Today I read a good blog post about content curation vs. content scraping “Are You a Content Thief and Don’t Know it?” by Kim Stiglitz. According to the article,
“The key difference of content curation vs. content scraping has everything to do with proper source credit and attribution.”
I was reminded of the scandal early this year when Toronto District School Board director Chris Spence was caught out for plagiarism. It began with a newspaper article and before long it was evident that he was a serial copycat. From his doctorate dissertation to his blog, he was guilty of plagiarism.
I don’t think that most bloggers intentionally steal content. One of our LearnWP students asked innocently enough if it is acceptable to repost someone’s blog post on his own blog.
What is the acceptable way to use blog content from others without violating copyright?
Disclaimer: I am not a lawyer. This is not intended as legal advice.
Follow these 5 tips for authentic blogging
- If you are quoting someone else, actually quote them and make sure that the context carries over their original intent. Use quotation marks and attribute the comment to the original author.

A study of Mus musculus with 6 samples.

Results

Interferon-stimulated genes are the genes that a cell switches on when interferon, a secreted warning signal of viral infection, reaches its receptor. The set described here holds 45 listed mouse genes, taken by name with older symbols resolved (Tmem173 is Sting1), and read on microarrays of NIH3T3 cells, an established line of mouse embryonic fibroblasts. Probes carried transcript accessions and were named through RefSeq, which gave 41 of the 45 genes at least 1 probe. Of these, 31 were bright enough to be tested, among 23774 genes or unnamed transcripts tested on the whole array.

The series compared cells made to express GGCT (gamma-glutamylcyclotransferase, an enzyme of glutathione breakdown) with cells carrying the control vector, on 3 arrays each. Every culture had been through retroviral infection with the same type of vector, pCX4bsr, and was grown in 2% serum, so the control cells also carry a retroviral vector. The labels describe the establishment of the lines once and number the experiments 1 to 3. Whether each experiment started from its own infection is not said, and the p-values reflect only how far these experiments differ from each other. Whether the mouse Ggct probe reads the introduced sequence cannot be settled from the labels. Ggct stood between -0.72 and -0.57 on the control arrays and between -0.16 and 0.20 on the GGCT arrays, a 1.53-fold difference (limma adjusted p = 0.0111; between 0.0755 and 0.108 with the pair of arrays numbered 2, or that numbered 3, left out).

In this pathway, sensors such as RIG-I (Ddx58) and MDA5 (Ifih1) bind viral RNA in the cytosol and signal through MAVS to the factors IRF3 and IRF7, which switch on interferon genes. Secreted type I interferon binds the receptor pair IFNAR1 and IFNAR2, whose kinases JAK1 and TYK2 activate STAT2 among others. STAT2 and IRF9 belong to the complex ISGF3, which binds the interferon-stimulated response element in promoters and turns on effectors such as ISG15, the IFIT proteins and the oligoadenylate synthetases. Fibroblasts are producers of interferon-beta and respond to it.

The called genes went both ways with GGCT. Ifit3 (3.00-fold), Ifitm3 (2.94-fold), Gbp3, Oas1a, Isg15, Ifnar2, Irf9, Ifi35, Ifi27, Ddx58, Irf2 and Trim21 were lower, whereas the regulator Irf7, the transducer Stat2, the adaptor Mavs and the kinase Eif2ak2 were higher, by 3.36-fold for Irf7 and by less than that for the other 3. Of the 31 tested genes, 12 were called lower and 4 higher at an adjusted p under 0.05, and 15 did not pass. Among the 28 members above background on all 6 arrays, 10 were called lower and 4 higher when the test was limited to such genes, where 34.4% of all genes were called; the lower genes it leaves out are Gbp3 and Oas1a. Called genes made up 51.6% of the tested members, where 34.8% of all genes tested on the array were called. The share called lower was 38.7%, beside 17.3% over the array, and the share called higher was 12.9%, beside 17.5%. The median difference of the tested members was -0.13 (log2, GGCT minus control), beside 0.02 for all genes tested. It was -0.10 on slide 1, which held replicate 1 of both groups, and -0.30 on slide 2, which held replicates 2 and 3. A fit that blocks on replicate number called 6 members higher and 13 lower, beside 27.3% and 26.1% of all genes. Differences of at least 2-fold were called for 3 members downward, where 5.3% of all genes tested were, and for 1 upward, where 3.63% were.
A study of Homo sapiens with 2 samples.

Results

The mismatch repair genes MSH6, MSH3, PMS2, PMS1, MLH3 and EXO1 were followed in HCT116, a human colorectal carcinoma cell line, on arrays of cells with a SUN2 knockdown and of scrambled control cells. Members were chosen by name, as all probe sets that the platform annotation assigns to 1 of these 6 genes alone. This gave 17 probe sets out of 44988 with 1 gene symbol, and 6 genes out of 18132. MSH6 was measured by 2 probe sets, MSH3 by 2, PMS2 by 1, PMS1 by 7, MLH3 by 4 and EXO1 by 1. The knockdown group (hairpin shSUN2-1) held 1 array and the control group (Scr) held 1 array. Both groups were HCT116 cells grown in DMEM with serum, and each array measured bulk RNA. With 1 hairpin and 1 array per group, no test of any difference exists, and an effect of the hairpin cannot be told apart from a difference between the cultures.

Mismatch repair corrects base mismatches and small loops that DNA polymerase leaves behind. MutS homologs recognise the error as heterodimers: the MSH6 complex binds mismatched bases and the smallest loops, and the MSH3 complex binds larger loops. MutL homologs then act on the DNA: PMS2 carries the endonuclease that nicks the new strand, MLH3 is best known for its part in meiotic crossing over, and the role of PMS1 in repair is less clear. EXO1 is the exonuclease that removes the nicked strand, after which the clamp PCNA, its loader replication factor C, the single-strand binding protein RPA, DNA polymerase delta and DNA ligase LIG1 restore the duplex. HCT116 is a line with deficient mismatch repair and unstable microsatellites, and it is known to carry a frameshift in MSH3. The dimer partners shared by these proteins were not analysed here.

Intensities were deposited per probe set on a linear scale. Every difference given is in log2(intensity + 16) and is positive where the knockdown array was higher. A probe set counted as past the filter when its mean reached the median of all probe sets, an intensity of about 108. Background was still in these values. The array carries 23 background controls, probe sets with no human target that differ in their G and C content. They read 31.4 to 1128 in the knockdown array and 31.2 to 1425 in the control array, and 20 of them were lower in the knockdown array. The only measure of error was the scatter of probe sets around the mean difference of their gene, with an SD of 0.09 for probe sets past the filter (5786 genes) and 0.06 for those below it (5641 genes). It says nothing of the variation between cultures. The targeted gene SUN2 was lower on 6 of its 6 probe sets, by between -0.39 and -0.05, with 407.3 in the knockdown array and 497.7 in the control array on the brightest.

- Provide a live link to the original source. If you properly cite your sources it adds credibility to your post.
- Check if the source you are quoting has content usage guidelines and if so, follow them. I once heard a blogger at a conference say that if it’s on the Internet it’s fine to reuse it because of creative commons licensing. I nearly jumped out of my seat! No that’s not true. The entire Internet is not licensed under the creative commons! If the original author has published their image or copy under a creative commons license you can share and reuse the material in accordance with the copyright. If there isn’t clear licensing information associated with the material, then you should request permission to use it first.
- Don’t use a post in its entirety. Quote from it but then add your own take on the subject. Offer more to your readers than the original article offered, give them a good reason to follow your blog.
- If you want to publish an entire article, ask permission from the original author and make sure that the original author is credited. I wouldn’t make a habit of this. If you are going to blog, write your own original content.
When you find content because of someone else’s post, use this protocol: compose and share a post with a link to the source and then add a “hat tip” to the person who brought it to your attention. – Guy Kawasaki & Peg Fitzpatrick The Art of Social Media
[clickToTweet tweet=”Compose a post with a link to the source, add a “hat tip” to the person who brought it to your attention #ArtofSocial” quote=”Compose a post with a link to the source, add a “hat tip” to the person who brought it to your attention #ArtofSocial”]
It is so easy to copy and paste from other web sources when writing a blog post. If you don’t want to be a copycat, give credit where credit is due.